I recall 1982 as a confluence of firsts. As I began my thirty first year, life seemed as an endless sequence of possibilities, rolling toward a future gilded with boundless opportunity.
The bitter years of the Fraser interregnum, triggered by the dismissal of Gough Whitlam rapidly gave way to Bob Hawke’s unstoppable rise.
The scent of optimism seemed sweet as spring. And to celebrate an inevitable change in fortune, I tagged along to a movie at the Valhalla Cinema in Glebe Point Road Sydney.
The film had an improbable, unpronounceable name. Koyaanisqatsi introduced three elements which remain with me as I contemplate my seventieth year:- the concept of dystopia, the music of Philip Glass and the reality of an ‘unbalanced life’ as expressed in the Hopi language.
The Hopi people, who occupy much of the south western states of the United States of America, today live their own Koyaanisqatsi — unbalanced life — brought about by the ravages of the COVID-19 virus.
It is as if the world is now flickering through the images of this remarkable film … but with notable exceptions.
I’ll use another film title to continue the metaphor. The Usual Suspects of Trump, Bolsinaro, Johnson, Morrison, Rodrigo Duterte … the list seems endless … persist with the notion normalcy will return, and economies will do what they did before the virus.
To quote Verbal Kint from The Usual Suspects:- “the greatest trick the Devil ever pulled was convincing the world he didn’t exist.” Switch on any news channel and see for yourself.
The United States is paralysed by conspiracy theories. And in the absence of Government initiatives, Brazil’s street gangs patrol the favelas of Rio de Janeiro, warning people to stay indoors. The death toll from the virus in the United Kingdom surpasses Italy and Spain. So much for BREXIT.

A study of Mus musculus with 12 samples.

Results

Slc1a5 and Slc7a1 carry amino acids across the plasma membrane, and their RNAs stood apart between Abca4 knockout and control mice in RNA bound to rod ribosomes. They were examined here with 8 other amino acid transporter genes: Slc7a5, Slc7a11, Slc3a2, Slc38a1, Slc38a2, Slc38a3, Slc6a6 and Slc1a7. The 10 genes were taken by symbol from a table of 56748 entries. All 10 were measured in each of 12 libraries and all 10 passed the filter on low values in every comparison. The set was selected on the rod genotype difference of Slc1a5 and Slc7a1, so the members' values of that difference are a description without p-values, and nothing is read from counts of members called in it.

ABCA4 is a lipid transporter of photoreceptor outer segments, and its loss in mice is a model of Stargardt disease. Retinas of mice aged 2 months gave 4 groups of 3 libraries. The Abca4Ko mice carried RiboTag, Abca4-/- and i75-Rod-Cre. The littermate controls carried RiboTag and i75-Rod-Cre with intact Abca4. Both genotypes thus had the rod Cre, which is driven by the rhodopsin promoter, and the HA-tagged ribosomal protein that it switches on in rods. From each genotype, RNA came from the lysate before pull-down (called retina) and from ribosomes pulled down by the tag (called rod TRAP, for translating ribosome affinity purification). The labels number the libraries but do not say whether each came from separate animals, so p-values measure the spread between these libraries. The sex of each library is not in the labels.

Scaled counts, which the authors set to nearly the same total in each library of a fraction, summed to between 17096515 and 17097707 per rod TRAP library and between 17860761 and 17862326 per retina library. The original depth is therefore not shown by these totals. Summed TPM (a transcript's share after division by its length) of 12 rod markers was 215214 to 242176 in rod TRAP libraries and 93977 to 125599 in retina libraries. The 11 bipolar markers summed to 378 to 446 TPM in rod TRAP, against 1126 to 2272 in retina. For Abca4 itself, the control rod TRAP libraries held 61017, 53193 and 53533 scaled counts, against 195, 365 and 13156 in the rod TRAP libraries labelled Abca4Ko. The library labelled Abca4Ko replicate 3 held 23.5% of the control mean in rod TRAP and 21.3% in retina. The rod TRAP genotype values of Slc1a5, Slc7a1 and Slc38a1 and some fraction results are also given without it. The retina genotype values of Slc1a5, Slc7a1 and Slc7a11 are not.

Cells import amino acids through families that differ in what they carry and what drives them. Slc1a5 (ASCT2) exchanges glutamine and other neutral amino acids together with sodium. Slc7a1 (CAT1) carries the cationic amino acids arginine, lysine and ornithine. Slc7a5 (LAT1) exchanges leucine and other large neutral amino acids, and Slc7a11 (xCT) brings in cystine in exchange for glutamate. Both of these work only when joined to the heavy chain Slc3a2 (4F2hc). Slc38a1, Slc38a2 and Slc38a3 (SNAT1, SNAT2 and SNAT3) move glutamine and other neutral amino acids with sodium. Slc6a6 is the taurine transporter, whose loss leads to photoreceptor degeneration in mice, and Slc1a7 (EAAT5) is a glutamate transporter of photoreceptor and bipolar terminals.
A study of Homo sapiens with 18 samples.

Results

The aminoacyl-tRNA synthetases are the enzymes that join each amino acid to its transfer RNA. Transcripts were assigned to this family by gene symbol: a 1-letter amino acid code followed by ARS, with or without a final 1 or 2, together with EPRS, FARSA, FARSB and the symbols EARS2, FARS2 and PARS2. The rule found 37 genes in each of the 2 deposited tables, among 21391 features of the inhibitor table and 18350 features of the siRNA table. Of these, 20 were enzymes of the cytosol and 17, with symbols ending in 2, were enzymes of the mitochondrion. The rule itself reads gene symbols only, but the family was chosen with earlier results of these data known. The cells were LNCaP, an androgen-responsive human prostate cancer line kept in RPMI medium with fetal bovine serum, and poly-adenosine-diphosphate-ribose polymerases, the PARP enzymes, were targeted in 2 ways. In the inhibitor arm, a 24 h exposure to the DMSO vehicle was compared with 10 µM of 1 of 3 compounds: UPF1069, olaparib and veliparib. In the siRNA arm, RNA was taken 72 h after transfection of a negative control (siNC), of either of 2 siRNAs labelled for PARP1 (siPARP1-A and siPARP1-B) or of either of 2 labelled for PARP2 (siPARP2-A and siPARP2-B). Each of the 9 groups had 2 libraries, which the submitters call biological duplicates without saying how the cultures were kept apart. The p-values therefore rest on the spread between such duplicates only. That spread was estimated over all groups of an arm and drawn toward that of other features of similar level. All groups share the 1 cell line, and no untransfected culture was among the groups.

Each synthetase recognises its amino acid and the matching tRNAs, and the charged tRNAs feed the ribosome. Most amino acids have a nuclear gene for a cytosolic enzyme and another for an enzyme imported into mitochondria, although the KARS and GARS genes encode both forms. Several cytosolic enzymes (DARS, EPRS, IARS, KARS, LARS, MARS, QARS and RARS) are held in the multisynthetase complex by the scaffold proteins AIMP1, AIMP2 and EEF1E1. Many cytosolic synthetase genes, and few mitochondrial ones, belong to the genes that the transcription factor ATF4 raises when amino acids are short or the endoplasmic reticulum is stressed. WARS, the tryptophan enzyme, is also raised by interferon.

Tankers filled to the Plimsol Line with Middle Eastern oil, sit off the American coast, waiting to off-load a cargo nobody wants.
At the National Press club on May 5 2020, Treasurer Frydenberg ruled out public works as a way of rebuilding a shattered economy, preferring instead the so called nous of the private sector.
This despite the greatest example of a kowtow by billionaire Andrew Forrest, when he invited a spokesperson of the Chinese Communist Party to an asinine press conference about his donation of 90 tonnes of medical supplies via his Minderoo Foundation.
Never mind the fact Forrest will pocket a tidy tax right-off of this so called goodwill gesture, courtesy of an army of accountants.
And while Australian citizens of Chinese descent are beaten bloody in the streets of our cities, Senator Kristina Keneally lets loose a high-pitched dog whistle about immigration.
Sky After Dark invited pauline hanson (lower case intended) on to its various Conspiracy Corner programmes (upper case intended) to make merry with Keneally’s ill-timed and intemperate Op-ed published in The Sydney Morning Herald on May 3 2020.
Not even a smooth talking Senator Penny Wong on the ABC’s Q and A on May 4 2020 could explain away Keneally’s nationalistic clanger, which I contend, was probably not cleared by the office of the Leader of the Opposition Anthony Albanese.
Despite this the endless political coup within the LNP rolls on. The NSW Deputy Premier and National Party head kicker John Barilaro, at the behest of Barnaby Joyce, scorned the hapless Federal Leader of the Nationals Michael — Micmac — McCormack, for not backing his tilt.
And the NSW State MP for Bega Andrew Constance, famous for wasting billions of public dollars bankrolling private toll roads, imperils the Berejiklian Government by throwing his hat into the ring to contest the Federal Seat of Eden Monaro.
I’m not saying Constance cannot win Mike Kelly’s old bailiwick, but the following quote, plus endless footage of Scott Morrison’s disastrous handling of the conflagration around Eden, will haunt the Constance campaign, or doom it altogether.
“To be honest with you, the locals probably gave him [Morrison] the welcome he probably deserved. I say this to the Prime Minister today, the nation wants you to open up the cheque books, [and} obviously help people rebuild their lives.”
So with Constance pulling out do we say hello … Jim Molan?
Unless the Australian Budget remains our common wealth, a majority of Australians face the prospect of impoverished, unbalanced lives for the foreseeable future.
Henry Johnston is a Sydney-based author. His latest book, The Last Voyage of Aratus is on sale here.